Sunday, August 21, 2011

Demands for flexibility hide a failure to adapt

Recently there has been a call from members of the Liberal Party and their supporters to repeal certain parts of Labor's Fair Work Act to enhance what they like to call "flexibility". One of the major points that has been raised is that penalty rates are a major imposition on the labour flexibility of the flagging retail sector.

The retail sector has complained that inflexibility in the Fair Work Act means that they are often unable to open at the times that they desire because penalty rates make it unfeasible.

However, it is obvious that the retail sector, with the encouragement of the Liberal Party's Work Choices champions,  is merely engaging in a campaign to lobby government to allow them to cut wages because if  penalty rates actually were the problem, then the retail sector would make more use of means already at its disposal to alter penalty rates and hours of work.

Section 144 of the Fair Work Act requires that any modern award must contain a flexibility term which allows employers and employees to agree to changing certain terms of employment under the award.

In the General Retail Industry Award 2010 [PDF] (an instrument that is likely to cover a large number of retail employees) the flexibility clause states:

"7.1 Notwithstanding any other provision of this award, an employer and an individual employee may agree to vary the application of certain terms of this award to meet the genuine individual needs of the employer and the individual employee. The terms the employer and the individual employee may agree to vary the application of are those concerning:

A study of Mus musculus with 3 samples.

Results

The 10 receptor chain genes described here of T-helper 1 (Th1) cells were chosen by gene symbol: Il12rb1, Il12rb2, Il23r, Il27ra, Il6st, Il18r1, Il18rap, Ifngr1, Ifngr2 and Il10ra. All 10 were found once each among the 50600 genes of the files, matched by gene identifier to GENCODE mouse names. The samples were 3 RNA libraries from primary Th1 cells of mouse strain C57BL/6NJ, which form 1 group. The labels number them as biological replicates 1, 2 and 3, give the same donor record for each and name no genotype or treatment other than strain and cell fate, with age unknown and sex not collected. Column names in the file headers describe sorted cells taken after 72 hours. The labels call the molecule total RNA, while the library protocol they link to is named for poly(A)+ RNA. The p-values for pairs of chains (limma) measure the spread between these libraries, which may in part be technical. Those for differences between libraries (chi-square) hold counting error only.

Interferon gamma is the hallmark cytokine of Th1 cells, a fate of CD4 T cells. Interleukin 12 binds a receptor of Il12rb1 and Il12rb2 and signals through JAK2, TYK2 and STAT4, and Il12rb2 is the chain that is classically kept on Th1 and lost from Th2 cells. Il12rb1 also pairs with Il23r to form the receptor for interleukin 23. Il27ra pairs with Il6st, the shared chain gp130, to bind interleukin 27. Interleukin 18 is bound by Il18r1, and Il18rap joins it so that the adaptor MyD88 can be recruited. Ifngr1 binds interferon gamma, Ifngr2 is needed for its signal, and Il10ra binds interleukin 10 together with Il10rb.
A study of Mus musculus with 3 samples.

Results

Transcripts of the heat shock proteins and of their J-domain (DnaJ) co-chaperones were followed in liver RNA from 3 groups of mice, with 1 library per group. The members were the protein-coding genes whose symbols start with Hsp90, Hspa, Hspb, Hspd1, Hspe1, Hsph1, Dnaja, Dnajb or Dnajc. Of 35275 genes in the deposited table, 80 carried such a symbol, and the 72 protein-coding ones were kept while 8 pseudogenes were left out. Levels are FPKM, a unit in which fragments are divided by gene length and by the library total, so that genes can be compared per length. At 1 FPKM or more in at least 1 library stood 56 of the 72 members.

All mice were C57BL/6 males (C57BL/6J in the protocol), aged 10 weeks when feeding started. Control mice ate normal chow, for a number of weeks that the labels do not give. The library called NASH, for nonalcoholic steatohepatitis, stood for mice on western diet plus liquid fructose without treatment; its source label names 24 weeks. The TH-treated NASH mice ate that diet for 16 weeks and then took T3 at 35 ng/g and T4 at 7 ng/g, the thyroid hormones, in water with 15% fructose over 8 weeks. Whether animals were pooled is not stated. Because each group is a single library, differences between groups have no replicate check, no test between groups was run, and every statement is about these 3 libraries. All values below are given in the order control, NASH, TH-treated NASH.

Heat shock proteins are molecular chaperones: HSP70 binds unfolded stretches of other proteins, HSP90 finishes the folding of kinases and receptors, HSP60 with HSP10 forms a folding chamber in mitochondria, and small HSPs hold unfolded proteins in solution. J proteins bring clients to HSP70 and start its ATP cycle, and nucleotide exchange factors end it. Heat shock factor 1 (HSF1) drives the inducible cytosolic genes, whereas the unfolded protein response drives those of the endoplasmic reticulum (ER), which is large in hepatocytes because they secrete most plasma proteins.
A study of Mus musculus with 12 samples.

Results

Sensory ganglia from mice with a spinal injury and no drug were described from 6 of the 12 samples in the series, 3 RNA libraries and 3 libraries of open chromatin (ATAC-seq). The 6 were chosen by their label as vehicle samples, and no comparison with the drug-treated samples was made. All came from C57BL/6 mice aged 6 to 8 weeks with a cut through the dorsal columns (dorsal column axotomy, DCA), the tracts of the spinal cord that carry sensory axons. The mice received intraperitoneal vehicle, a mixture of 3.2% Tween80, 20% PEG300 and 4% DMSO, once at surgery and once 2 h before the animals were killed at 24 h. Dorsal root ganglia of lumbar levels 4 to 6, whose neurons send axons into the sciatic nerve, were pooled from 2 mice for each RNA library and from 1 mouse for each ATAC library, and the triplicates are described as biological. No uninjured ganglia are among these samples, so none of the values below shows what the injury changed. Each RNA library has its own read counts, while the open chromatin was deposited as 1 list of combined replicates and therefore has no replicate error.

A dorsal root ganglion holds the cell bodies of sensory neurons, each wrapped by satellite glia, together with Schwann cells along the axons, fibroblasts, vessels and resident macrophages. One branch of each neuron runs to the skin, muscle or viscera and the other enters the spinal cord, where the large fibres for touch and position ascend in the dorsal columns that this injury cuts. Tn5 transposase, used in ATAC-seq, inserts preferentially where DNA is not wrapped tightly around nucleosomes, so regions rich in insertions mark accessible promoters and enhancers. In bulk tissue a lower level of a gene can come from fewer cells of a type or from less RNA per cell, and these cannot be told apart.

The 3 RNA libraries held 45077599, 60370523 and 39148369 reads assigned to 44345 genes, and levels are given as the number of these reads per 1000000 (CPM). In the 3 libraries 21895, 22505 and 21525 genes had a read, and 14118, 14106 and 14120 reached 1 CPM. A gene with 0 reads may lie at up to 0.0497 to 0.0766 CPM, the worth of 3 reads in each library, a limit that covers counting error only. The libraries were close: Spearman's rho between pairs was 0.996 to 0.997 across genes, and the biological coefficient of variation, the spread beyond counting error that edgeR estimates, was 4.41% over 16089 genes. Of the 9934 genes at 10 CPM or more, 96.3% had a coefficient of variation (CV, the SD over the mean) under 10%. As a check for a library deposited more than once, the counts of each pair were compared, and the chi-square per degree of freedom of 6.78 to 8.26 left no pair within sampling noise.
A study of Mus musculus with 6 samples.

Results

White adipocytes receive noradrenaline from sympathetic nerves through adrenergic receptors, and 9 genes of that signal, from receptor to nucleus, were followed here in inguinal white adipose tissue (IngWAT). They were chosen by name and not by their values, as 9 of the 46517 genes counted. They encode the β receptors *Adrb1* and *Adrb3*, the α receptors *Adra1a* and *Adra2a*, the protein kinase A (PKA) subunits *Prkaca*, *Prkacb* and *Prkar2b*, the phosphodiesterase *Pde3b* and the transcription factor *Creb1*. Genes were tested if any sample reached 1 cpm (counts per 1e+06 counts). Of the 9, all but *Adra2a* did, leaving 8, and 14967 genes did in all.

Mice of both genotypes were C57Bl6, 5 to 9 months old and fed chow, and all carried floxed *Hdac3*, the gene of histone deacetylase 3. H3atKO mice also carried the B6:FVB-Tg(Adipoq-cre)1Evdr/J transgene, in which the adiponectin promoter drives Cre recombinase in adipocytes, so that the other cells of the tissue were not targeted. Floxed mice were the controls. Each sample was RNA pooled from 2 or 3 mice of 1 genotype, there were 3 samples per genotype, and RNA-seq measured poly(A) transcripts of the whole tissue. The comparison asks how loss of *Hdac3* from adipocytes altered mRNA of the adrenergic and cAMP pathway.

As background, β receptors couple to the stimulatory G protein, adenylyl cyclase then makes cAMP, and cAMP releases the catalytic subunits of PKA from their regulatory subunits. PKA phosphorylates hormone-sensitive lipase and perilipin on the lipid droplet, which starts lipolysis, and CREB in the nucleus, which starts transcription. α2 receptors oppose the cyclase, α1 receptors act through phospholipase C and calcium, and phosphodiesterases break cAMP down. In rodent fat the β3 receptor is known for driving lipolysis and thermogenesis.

(a) arrangements for when work is performed;
(b) overtime rates;
(c) penalty rates;
(d) allowances; and
(e) leave loading
As long as the employee is "better off overall" (s7.3(b)), for example by including a higher base rate of pay, an employer can enter into an individual flexibility arrangement with that employee.

So it is untrue that the Fair Work regime is inflexible with regard to penalty rates and, like their complaints about the GST payable on overseas purchases, it appears that the retail industry is once again failing to understand the conditions under which their own industry works.

The retail sector is busily trying to blame everything but its own inability to adapt to a changing environment. It consistently fails to recognise that its main advantage against online shopping is that of the "shopping experience" of which customer service is a major part.

However, the industry's response is that paying their staff less is the best way for the retail sector to regain their lost competitive edge. Undoubtedly, reducing pay will encourage their already low-paid staff to provide customers with the sort of service that stops them running off to online stores.

The industry's simple knee-jerk response to the changes bought about by online retail has been to demand government concessions and extra "flexibility" to cut workers' wages and conditions to fix the retail dilemma. These demands show just how incapable the retail industry is of seeing that its own failure to understand and adapt to the changing market are the real reasons for its problems.